Laura Stevens, Melinda Voss, Andie Wyatt, and Taya Malone
Conservation Biology class, BIO 345, Biology Department, DePauw University
Fall semester 2004

We developed an outdoor environmental education curriculum to teach grade school students about ecology and conservation.  Our curriculum, named “Outdoor Explorers,” was divided into four stations:  animals, plants, soil, and water.  The lessons incorporated hands-on activities that illustrated ecological concepts with an overarching theme of conservation.  Students from Greencastle Middle School participated in the “Outdoor Explorers” program at the DePauw University Nature Park. 

With a fun and engaging curriculum, an outdoor setting, hands-on activities, and a review of ecological concepts, we hypothesized that students would find the “Outdoor Explorers” experience engaging, interesting, and educational. 

Activities for the animal station included observing skulls, constructing food chains, identifying animal tracks, and observing cockroaches.  A survey was given to students and teachers to assess the success of the field trip.  The survey was randomly and anonymously administered to 35 students and teachers 5 days after the field trip.  Available answers in the survey were YES!, yes, sort of, not really, and not at all.  The survey also asked “what did you like the best?” and “what did you like the least?”  To measure knowledge gained by the students, we administered pre- and post-tests to 97 students.  The pre-test was taken 30 minutes before and the post-test 30 minutes after the field trip.  The pre- and post-tests were identical and consisted of short-answer questions.  Examples of questions included “what is a food chain?” and “what is an animal’s habitat?”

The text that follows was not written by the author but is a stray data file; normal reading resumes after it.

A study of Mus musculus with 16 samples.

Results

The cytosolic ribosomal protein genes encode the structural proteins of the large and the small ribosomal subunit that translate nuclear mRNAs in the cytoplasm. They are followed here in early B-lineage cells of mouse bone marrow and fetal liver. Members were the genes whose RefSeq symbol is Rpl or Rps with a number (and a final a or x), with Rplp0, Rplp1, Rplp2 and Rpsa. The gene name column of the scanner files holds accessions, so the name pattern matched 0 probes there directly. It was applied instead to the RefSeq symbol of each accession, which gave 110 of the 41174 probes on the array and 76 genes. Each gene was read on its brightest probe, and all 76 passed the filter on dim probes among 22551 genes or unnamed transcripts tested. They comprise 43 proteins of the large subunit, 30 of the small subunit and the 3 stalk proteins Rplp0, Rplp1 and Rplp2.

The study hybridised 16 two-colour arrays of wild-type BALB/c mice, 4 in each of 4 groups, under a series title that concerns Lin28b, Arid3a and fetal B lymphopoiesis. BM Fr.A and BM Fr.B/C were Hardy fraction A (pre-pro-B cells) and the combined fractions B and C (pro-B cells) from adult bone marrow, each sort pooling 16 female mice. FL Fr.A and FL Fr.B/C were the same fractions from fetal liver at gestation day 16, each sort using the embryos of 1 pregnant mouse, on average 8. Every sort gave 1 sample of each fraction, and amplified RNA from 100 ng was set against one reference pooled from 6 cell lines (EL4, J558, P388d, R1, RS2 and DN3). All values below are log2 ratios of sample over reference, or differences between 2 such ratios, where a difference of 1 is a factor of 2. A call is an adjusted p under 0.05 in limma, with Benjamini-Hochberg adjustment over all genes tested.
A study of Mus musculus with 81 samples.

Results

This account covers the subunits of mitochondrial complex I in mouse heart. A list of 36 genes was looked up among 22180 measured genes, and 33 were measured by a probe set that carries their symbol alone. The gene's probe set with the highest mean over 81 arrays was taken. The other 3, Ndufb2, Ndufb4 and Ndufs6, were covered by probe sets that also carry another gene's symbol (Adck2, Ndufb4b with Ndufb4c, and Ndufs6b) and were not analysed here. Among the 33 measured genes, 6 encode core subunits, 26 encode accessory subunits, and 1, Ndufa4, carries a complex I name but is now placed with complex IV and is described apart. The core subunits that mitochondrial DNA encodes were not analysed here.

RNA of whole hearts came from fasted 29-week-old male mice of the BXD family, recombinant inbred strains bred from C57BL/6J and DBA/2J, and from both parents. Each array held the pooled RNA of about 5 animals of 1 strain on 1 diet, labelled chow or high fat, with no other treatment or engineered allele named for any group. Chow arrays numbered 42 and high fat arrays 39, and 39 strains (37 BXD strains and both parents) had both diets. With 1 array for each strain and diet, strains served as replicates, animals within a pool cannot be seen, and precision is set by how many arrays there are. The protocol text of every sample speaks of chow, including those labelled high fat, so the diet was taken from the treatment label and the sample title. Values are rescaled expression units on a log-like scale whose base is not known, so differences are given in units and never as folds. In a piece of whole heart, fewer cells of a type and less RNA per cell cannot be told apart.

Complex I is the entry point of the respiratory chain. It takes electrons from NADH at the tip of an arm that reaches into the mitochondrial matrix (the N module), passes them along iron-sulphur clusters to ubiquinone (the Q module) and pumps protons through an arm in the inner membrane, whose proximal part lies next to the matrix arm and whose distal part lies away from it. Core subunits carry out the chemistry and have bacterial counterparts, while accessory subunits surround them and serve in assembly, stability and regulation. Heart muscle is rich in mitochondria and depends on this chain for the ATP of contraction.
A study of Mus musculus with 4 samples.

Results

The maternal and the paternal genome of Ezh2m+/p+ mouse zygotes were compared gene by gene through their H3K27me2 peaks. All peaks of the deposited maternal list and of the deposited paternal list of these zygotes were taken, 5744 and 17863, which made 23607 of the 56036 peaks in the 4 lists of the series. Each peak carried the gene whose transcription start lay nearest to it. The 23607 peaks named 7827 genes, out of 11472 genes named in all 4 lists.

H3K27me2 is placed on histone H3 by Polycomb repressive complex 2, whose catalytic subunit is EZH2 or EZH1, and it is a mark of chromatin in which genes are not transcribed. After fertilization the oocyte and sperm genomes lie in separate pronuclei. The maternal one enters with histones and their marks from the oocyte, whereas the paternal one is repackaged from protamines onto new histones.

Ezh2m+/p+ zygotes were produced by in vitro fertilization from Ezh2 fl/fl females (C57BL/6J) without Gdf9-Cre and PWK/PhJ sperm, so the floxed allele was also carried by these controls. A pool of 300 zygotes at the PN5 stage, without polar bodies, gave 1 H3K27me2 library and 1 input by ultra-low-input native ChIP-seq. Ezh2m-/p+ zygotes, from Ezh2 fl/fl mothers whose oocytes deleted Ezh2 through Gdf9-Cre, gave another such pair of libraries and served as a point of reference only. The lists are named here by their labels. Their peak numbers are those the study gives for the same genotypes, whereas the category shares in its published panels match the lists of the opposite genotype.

The field trip was conducted on October 28, 2004 in the DePauw Nature Park.  About 150 sixth-grade students from Greencastle Middle School participated.  Groups of 20 to 30 students rotated among the four stations, spending approximately 35 minutes at each station.  According to the survey results, at least 80% of the students agreed that they had fun or found activities interesting or educational.  We observed a significant increase in score of 2.47 between the pre- and post-tests (from 19.98 to 22.45;  p << 0.001, paired t-test). 

The results of our study showed that there was a gain in environmental knowledge.  The pre- and post-tests were poorly designed, however, and more conclusive results would likely be observed if a more effective and objective test were written.  Also, many improvements can be made to the curriculum to increase the effectiveness of the educational activities.  Survey feedback suggested adding more hands-on activities, more time, and more challenging activities, for example.  These improvements can be made in future executions of “Outdoor Explorers.”